Is It Cancerous? A Derm Explains How to Decode Your Skin Marks

Victoria Hoff
PHOTO:

Camp Cove Swim

If I had to give myself a lifetime grade for sun protection, it would probably be a B-minus. I've never stepped foot in a tanning bed; I've never been so hell-bent on bronzed skin to cover myself in oil and lay out for hours on end. But I've also never been particularly stringent about lathering on SPF on a daily basis. (I'm just going to the office, I tell myself.) Or, I'll go for a hike with a layer of sunscreen on my face and shoulders but completely neglect my arms and legs. (It's just an hour, I tell myself.) Or, I'll shrug off the resulting bad burn. (It happens, I tell myself.)

When I moved to L.A. last year, my own negligence became a lot more difficult to justify—it's a lot harder to ignore the sun when it shines for nearly 365 days a year, unpunctuated by overcast skies and harsh winters. And even though I think I've greatly improved my habits over the past several months as a result (you'll always find a tube of La Roche-Posay's Anthelios in my bag), this summer, I've still noticed a handful of phantom marks appear on my skin. There's a chance that some of them have lived there for some time, and I'm only seeing them now as a result of my newly invigorated routine. But how can I know for sure? What's the difference between an innocuous sunspot and a precancerous mole, anyway?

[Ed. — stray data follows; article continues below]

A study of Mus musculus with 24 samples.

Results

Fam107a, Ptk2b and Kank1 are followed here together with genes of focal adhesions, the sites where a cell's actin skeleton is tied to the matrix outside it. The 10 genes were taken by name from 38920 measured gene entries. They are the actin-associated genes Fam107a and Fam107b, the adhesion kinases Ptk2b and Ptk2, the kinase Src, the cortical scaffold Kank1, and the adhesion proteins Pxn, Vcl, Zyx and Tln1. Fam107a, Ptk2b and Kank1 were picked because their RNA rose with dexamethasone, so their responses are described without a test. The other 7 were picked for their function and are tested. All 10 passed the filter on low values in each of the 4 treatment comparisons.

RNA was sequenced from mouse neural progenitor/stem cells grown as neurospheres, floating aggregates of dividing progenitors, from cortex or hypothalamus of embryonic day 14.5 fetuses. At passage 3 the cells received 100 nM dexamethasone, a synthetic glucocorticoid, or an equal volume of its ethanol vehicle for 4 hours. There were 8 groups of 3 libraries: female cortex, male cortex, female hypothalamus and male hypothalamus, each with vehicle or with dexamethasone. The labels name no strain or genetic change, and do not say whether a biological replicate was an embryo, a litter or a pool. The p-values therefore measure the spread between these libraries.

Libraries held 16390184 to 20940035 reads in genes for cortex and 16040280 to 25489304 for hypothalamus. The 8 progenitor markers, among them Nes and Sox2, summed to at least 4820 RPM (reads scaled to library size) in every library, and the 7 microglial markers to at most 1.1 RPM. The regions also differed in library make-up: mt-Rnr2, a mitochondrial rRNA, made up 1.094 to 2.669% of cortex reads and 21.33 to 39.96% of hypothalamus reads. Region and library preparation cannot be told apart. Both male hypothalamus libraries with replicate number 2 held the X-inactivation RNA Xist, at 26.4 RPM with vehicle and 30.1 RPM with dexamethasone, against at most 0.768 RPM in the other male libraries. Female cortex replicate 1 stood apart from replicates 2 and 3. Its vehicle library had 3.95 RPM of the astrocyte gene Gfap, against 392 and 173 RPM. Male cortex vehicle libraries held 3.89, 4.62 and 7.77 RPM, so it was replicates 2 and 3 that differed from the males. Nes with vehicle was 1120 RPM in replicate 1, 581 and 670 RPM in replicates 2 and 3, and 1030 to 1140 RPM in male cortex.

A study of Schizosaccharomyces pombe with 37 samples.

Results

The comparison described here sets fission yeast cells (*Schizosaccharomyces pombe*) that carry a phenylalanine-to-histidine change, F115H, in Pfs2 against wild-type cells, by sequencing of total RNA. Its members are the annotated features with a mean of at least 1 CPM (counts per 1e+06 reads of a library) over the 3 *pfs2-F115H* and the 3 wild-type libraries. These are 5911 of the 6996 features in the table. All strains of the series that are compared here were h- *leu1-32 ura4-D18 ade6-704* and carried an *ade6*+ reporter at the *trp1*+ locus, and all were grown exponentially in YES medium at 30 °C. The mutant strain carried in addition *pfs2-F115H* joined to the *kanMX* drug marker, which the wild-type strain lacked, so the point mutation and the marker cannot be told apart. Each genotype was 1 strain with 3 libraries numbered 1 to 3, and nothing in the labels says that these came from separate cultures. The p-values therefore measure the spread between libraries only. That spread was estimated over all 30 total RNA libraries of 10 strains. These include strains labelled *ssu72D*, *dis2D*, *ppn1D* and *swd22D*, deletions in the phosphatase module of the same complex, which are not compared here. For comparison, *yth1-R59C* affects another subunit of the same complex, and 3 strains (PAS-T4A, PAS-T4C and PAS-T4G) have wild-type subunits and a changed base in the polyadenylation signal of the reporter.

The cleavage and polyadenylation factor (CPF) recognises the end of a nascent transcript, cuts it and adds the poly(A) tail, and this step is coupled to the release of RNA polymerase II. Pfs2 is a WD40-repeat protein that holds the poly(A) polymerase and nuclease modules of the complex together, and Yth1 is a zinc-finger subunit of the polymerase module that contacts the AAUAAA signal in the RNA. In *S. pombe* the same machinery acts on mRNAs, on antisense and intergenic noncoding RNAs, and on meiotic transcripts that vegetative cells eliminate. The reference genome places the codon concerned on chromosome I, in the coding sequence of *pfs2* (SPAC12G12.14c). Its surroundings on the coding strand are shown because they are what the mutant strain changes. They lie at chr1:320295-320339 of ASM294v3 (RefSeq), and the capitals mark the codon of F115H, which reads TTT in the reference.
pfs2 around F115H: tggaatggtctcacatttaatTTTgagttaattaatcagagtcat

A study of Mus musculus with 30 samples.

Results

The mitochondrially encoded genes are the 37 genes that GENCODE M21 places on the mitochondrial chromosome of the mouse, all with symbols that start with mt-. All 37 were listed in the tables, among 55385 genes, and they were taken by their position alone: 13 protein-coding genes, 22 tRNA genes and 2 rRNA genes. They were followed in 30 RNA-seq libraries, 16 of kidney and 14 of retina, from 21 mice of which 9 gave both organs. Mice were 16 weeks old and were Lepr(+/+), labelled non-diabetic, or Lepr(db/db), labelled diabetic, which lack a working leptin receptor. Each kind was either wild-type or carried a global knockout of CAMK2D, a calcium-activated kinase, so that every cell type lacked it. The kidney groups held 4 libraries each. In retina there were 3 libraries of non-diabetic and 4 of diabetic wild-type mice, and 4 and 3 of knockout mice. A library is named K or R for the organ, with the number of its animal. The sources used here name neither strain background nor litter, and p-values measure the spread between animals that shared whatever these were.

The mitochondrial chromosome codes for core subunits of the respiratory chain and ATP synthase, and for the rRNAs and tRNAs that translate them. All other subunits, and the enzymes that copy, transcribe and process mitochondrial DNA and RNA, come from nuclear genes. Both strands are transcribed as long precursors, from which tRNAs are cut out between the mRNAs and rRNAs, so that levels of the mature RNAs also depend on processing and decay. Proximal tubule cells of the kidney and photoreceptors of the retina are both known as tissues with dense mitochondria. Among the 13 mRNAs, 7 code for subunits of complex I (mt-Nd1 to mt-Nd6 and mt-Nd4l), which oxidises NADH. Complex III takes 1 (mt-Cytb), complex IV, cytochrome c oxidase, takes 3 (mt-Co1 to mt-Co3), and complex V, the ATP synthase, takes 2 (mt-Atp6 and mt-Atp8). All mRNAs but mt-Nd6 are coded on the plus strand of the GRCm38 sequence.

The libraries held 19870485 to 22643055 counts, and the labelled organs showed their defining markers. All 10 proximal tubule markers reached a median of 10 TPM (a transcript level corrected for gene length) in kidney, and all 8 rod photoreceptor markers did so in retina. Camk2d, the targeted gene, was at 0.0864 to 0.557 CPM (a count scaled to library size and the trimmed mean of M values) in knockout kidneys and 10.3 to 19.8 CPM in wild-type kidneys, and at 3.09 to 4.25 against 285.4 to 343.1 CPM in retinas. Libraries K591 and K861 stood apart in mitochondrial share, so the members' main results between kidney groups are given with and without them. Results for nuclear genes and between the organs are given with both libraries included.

It only made sense to defer to a dermatologist—in fact, I spoke with two to clear things up. And while both strongly advise checking in with your own skin doc for regular scans—especially if you notice anything new or worrisome—you can sidestep some immediate panic by looking out for certain signs at home. Below, we decode it all.

Being smart about your skin starts with picking a great SPF. Here is everything you need to know about sunscreen.